Godfrey was born in London during the second quarter of 1874 to an industrialist, Edward John Nettlefold. He was the twelfth of thirteen children. One record indicates he was educated at Rugby School. By 1896 he was a Lieutenant in the Queen’s Own Worcestershire Hussars but by the start of the Anglo-Boer War he had left the army and was helping to run the family business, Nettlefolds situated in Heath Street, Smethwick.

Nettlefolds mainly manufactured screws and were a major employer in the town and the Smethwick Telephone (local weekly paper) of 13th January 1900 reported that nearly 3,000 employees had attended a “send-off” for the popular Mr Godfrey Nettlefold, who had volunteered to serve in South Africa. They presented him with a pair of army revolvers.

Godfrey served in the 16th (Worcestershire) Company of the newly formed Imperial Yeomanry. The London Times of 8th February 1900 reported that the 16th Company of the Imperial Yeomanry had embarked at Albert Docks on the SS Kumara and amongst their number was a Lieutenant Nettlefold. The London Times of 17th February reported the Kumara had left Tenerife on its way to the Cape, and the 3rd March 1900 edition reported the Kumara had arrived at Cape Town the previous day – a voyage of 23 days duration.

The Imperial Yeomanry were a volunteer mounted force who went to South Africa in three contingents. Godfrey was part of the first contingent who were mainly recruited from the middle classes. The first contingent fared badly and by the end of March 1901 nearly a third of them had either been killed in action, died of disease, been injured or taken prisoner. Godfrey contracted enteric fever (typhoid) and was seriously ill and when he returned home in July 1901 he was still in a convalescent state.

The Cape Times of the 3rd July 1901 reported that the SS Kinfauns Castle would be sailing for Southampton that afternoon and amongst the military passengers would be Lieutenant Nettlefold. So, Godfrey spent exactly 16 months on South African soil but a significant amount of that was probably spent in hospital and convalescing.

The date the Kinfauns docked at Southampton is not recorded but the Smethwick Telephone of 27th July 1901 reported that Godfrey has arrived back at New Street Station in Birmingham the previous Saturday which would have been 20th July, so Godfrey’s voyage home was considerably shorter in duration than his voyage out.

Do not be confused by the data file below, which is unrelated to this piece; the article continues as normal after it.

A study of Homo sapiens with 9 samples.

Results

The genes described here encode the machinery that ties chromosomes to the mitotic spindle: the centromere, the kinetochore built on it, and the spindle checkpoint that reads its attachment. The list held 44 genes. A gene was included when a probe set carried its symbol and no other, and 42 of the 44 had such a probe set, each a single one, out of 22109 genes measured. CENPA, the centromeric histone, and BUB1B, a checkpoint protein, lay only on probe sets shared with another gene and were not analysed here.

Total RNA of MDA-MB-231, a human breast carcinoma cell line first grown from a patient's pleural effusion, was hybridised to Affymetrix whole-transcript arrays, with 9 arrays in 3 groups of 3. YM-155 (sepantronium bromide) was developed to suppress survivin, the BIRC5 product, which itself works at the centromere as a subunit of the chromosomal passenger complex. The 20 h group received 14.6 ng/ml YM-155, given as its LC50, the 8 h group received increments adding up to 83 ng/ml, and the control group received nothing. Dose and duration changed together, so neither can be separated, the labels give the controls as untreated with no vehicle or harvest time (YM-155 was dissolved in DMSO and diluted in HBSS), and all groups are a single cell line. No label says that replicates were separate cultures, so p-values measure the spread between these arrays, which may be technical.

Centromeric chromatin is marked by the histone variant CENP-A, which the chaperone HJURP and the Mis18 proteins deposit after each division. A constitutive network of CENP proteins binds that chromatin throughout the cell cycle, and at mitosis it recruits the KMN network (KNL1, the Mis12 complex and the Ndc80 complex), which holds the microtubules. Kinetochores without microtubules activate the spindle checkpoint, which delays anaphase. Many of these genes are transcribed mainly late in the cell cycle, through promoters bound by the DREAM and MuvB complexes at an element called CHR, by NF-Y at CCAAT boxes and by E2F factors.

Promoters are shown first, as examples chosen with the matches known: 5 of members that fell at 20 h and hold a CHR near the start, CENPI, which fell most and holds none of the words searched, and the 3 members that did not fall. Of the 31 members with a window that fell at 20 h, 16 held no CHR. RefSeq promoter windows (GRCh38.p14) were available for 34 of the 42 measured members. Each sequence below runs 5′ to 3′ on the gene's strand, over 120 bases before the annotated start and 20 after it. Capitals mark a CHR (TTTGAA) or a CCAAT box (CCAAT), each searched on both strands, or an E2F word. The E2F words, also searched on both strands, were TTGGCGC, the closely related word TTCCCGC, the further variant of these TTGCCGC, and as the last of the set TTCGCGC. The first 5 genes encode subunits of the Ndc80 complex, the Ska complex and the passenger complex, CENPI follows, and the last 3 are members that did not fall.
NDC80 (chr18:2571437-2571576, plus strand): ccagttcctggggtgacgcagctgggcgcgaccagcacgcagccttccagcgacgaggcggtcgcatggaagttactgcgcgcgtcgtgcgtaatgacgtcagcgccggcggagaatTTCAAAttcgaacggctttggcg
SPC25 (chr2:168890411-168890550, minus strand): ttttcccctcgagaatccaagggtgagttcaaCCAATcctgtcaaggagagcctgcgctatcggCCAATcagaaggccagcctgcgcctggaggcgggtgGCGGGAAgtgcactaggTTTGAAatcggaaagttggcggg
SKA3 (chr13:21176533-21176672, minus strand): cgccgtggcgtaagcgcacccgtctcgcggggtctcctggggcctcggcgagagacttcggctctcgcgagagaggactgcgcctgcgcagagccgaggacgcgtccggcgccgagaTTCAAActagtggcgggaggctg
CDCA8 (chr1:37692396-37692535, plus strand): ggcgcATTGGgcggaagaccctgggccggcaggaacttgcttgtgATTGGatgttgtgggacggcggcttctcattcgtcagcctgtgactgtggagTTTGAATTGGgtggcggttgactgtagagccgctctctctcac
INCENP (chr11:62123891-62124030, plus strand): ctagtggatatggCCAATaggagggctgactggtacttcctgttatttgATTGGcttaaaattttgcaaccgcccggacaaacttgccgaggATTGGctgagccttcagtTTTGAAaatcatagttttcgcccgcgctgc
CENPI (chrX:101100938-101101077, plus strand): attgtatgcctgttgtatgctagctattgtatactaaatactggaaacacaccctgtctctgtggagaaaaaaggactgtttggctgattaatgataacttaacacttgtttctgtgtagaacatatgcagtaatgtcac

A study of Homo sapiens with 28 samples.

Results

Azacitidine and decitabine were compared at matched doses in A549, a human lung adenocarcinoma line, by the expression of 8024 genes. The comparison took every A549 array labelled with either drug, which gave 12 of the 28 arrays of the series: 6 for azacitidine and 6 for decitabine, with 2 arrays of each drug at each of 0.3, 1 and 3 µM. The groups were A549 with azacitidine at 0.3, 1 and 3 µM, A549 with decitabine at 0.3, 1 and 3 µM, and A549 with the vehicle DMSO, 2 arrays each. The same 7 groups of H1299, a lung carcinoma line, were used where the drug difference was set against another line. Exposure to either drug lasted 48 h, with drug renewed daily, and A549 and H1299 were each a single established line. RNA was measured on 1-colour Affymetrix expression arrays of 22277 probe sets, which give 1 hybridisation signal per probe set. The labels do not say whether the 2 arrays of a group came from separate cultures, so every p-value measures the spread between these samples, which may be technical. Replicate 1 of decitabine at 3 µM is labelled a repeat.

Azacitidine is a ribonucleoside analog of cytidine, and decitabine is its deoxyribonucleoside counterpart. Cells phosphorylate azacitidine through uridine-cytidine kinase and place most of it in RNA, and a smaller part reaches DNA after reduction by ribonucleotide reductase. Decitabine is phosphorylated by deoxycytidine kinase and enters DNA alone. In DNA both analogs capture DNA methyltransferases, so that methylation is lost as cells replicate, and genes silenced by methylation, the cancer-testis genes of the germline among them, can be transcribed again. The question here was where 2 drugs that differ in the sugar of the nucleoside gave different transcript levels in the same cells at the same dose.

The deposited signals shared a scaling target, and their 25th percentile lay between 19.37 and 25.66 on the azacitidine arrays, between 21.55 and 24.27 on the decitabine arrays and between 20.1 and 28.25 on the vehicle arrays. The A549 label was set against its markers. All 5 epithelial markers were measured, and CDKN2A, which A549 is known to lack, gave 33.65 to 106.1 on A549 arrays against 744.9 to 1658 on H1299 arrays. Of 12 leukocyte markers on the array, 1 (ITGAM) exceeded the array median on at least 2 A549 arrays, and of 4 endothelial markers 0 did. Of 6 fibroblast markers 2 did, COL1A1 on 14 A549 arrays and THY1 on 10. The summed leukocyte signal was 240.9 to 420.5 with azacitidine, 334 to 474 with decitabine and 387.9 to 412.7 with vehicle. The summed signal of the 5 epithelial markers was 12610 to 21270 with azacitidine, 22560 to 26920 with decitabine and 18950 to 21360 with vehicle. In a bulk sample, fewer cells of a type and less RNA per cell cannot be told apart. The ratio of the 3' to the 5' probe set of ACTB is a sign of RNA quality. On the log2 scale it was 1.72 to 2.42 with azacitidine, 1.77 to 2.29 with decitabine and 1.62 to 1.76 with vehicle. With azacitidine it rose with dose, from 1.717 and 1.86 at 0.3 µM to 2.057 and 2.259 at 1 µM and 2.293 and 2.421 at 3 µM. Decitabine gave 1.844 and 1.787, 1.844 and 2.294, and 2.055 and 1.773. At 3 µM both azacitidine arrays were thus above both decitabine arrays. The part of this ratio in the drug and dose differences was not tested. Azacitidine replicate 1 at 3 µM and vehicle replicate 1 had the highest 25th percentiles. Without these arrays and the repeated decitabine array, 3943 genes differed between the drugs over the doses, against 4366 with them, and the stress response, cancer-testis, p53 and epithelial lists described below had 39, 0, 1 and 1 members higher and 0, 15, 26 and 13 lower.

There was a sizeable welcoming party for Godfrey at the station consisting of relatives, friends, members of the 16th Company who had returned home earlier and old soldiers from the Queen’s Own Worcestershire Hussars. The newspaper report ended by stating Godfrey was one of 40 members of the 16th Company that went to London six days later to receive their war medals from the King.
Medal rolls show Godfrey was awarded the Queen’s South Africa Medal with four clasps – “Cape Colony”, “Orange Free State”, “Transvaal” and “South Africa 1901”.

Godfrey returned to working for the family firm and had an interesting number of years – in 1902 Nettlefolds amalgamated with another Smethwick firm, Guest & Keen Ltd to form Guest, Keen & Nettlefolds which was to become known across the world as GKN. Godfrey is recorded as being a Director of this new organisation. In 1903 he married Alice Evelyn Johnson in London. In 1905 he was made a Justice of the Peace and received regular mentions in the Smethwick Telephone handing down sentences to local law breakers. In 1910 his only child was born and the 1911 census found the family living in the nearby Edgbaston district of Birmingham, Godfrey gave his occupation as “Screw Manufacturer”. In 1914 he was elected Chairman of the Smethwick Institute and served for a second year. Sadly, shortly afterwards his health began to fail and he retired to Arundel in Sussex where he died on 30th March 1918 aged only 43.



The Kinfauns Castle was never formally requisitioned as a troopship during the Anglo-Boer War but she did transport quite a number of troops to and from the war. She was requisitioned by the RN in World War I and became H.M.S Kinfauns Castle. The box of cotter pins postdates Godfrey but shows how the name lived on - in itself it is a bit of history and dates back to a time when you could buy such things in boxes rather than impossible to open vacuum packed packages.

I am indebted to whoever spent many hours drawing up the Shipping Records on this site.